The next exhibition at the Women’s Library in Aldgate deals with the issue of women and work.
Entitled All Work and Low Pay: the Story of Women and Work, this new show challenges the myth that the majority of women did not work until the social change, equality legislation and the Women’s Lib movement in the second half of the 20th century.
In fact, women have always worked, whether in paid jobs, or in the home; it’s just, argues this show, that their work has been consistently unrecognised and undervalued.
The All Work and Low Pay exhibition details the extraordinary range of jobs done by women over the past 150 years, from forging iron chains to assembling fine electrical components.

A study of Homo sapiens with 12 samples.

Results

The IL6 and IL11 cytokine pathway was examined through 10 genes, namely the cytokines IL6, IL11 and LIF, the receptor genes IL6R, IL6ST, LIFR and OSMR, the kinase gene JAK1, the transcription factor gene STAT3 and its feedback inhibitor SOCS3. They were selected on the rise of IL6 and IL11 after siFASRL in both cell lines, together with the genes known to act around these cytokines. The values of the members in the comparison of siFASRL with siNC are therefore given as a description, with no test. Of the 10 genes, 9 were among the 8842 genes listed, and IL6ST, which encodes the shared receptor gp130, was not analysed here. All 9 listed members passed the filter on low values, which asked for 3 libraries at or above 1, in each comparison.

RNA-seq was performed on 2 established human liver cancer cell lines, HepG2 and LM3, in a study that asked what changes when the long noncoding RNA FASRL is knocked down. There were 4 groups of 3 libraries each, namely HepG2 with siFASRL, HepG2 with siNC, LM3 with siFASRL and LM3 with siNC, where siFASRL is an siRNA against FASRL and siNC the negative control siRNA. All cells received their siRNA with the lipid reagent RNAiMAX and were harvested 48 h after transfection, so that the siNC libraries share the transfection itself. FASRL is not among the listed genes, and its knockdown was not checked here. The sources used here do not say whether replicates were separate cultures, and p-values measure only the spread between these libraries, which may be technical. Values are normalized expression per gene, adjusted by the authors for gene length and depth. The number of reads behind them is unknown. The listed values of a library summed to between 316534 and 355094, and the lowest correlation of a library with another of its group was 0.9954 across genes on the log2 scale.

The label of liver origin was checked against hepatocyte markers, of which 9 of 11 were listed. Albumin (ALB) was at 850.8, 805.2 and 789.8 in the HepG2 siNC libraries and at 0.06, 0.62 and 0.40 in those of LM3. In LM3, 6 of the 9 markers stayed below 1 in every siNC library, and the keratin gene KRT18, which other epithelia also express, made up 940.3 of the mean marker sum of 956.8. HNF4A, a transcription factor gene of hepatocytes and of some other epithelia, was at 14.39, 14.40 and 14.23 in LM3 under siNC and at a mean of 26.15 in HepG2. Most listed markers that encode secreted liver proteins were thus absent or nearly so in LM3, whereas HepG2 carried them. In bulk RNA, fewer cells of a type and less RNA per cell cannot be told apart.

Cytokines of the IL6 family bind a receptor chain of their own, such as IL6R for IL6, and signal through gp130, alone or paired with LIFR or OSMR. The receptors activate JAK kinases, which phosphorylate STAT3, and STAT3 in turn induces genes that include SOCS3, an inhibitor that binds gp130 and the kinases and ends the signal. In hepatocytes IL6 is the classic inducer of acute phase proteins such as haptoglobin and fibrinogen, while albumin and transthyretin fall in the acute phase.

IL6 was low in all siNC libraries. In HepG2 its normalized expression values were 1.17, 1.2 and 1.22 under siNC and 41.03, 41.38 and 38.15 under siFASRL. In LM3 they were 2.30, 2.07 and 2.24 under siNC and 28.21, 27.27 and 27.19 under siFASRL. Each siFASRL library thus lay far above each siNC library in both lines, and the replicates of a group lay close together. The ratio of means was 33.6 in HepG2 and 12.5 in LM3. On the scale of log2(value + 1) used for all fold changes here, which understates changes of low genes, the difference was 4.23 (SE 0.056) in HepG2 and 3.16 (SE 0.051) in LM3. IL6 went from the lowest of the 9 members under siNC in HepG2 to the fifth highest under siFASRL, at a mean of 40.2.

In addition, All Work and Low Pay highlights the campaigns for equal pay and fair working conditions led by pioneering activists and supported by trade unions. Visit, and you’ll find out about women who strived to make working lives fairer and more pleasant for themselves, as well as their colleagues and those who followed in their wake. If you’re a fan of the 2010 film, Made In Dagenham, you’ll be able to find out more about the 1968 Ford strike which inspired the movie.
Women and work is a hot topic at the moment; it’s been argued that the Government’s cuts are affecting women more than men. A trip to this show may have you muttering plus ça change…
All Work and Low Pay is at The Women’s Library, London Metropolitan University, Old Castle Street, London, E1 7NT, from 28 October to 4 April next year. Entrance is free. Visit www.londonmet.ac.uk/thewomenslibrary to find out more.